Should I Become an Economist?
Economists collect and scrutinize information in order to adequately study, research, predict, and evaluate business and revenue trends in most industries. They identify current events in the production and availability of goods, services, and other resources in order to track history and predict the future. They often use computers to gather and analyze information, using the data to assist in the control and regulation of costs, interest rates, and distribution of products.
Almost all economists work full-time, although some combine part-time consulting with teaching. The job may be stressful, especially as deadlines for reports approach. The majority work independently on their research in an office setting; some are able to do so from home. Some travel to conferences or executive meetings.
|Degree Level||Bachelor's degree required; most positions in the private sector and academia require a graduate degree|
|Experience||Internships are helpful|
|Computer Skills||Spreadsheet software, office software; statistical software|
|Key Skills||Math, analytical, and writing skills|
|Salary (2014)||$95,710 (median for all economists)|
Sources: U.S. Bureau of Labor Statistics (BLS), ONet Online, National Bureau of Economic Research.
Step 1: Earn a Bachelor's Degree
An undergraduate degree in economics requires the completion of general education courses along with classes in business, management, and economics. Core economics topics include microeconomics, macroeconomics, econometrics, and economic thought. Depending on the university, the major may be offered through the college of liberal arts, social science department, or in the school of business.
Step 2: Earn a Master's Degree
A master's degree can generally be completed within two years, though some programs may be able to be completed in less time. An undergraduate degree in economics is not always required for admission, though students who have majored in another area may have to take additional coursework.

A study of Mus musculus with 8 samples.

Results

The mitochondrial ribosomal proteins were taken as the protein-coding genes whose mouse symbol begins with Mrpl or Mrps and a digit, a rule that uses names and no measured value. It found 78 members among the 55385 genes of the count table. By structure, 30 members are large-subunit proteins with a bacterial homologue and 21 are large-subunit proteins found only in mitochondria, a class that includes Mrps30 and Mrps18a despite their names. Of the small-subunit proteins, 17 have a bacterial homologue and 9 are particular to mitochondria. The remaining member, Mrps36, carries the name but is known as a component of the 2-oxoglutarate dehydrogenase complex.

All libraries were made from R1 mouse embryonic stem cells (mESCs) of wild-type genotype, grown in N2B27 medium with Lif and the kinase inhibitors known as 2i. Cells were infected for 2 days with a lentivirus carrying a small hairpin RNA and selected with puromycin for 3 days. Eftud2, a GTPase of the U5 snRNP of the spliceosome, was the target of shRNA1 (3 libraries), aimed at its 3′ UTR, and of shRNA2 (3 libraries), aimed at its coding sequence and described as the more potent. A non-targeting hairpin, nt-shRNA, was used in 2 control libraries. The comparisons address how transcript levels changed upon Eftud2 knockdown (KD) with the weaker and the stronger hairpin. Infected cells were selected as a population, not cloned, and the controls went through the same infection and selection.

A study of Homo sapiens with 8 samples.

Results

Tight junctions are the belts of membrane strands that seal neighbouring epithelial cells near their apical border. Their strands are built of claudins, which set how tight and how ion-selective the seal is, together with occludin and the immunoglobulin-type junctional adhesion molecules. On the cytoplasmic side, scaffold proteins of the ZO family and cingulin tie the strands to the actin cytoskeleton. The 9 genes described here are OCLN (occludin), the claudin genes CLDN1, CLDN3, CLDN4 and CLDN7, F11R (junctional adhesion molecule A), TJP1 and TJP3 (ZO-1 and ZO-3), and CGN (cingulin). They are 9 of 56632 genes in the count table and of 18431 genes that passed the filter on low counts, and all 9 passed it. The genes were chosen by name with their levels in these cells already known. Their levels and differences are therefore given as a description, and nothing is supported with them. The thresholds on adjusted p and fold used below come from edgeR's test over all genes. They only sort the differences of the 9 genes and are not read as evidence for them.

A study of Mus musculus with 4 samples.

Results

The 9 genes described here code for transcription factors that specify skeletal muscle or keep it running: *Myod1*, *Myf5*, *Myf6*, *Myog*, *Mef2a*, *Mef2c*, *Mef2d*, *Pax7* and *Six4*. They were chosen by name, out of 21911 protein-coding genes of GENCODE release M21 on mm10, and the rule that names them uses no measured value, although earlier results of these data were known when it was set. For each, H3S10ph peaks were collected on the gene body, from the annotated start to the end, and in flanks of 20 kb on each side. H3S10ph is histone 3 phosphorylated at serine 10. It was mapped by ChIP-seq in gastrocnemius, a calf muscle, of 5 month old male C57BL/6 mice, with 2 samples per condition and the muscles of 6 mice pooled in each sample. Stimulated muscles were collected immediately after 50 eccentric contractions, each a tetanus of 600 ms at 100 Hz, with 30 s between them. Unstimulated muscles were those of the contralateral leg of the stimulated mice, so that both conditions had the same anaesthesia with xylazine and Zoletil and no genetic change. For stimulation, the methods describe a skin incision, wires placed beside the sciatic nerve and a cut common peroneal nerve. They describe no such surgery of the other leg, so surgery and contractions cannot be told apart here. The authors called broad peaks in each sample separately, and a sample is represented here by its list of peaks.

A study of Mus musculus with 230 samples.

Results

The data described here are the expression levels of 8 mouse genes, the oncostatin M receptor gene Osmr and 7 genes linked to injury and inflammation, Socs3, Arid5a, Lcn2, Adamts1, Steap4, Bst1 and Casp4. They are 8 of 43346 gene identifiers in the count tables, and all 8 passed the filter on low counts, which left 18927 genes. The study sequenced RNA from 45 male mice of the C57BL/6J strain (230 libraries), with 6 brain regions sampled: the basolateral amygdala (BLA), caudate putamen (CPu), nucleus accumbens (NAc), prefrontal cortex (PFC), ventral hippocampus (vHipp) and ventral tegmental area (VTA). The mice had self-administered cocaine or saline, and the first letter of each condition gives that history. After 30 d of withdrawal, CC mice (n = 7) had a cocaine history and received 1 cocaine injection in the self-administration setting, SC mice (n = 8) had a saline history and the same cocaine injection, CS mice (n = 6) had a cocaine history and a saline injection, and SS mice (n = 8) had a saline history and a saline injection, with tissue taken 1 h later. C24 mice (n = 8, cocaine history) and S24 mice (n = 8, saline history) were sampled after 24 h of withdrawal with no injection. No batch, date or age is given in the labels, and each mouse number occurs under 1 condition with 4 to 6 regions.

Economics masters degrees prepare graduates for further study at the doctoral degree level. Some programs allow students to choose an area of emphasis such as international economics or economic development; others may cover wide-reaching topics in contemporary economic issues. A thesis may be required, though some programs offer a non-thesis option.
Step 3: Complete a PhD in Economics
A Doctor of Philosophy in Economics is a research-based degree that covers advanced topics in microeconomics, econometrics, quantitative analysis, and macroeconomics. Economists hoping to teach at a postsecondary institution often pursue a doctoral degree. Working toward a dissertation accounts for a majority of the time spent in residence.
Some possible areas of emphasis include industrial organization, game theory, international economics, income distribution, and econometrics. Students applying to a PhD program in economics don't need a master's degree in the field. In fact, many economics doctoral degree students have only a bachelor's degree in economics.
Step 4: Find a Job
The private sector - particularly consulting firms and scientific and technical companies - may offer the best chances for employment for economists. Research and educational institutions will also provide employment opportunities. Opportunities will be most plentiful for those with master's or doctoral degrees. Individuals with only bachelor's degrees will face intense competition. Economists who hold doctoral degrees are qualified to teach at a university.
Step 5: Join a Professional Organization
Professional organizations provide members with an opportunity to network with fellow economists working in the same subfields and to keep current on advancements and research. Organizations include the Association for Social Economics and the National Association for Business Economists.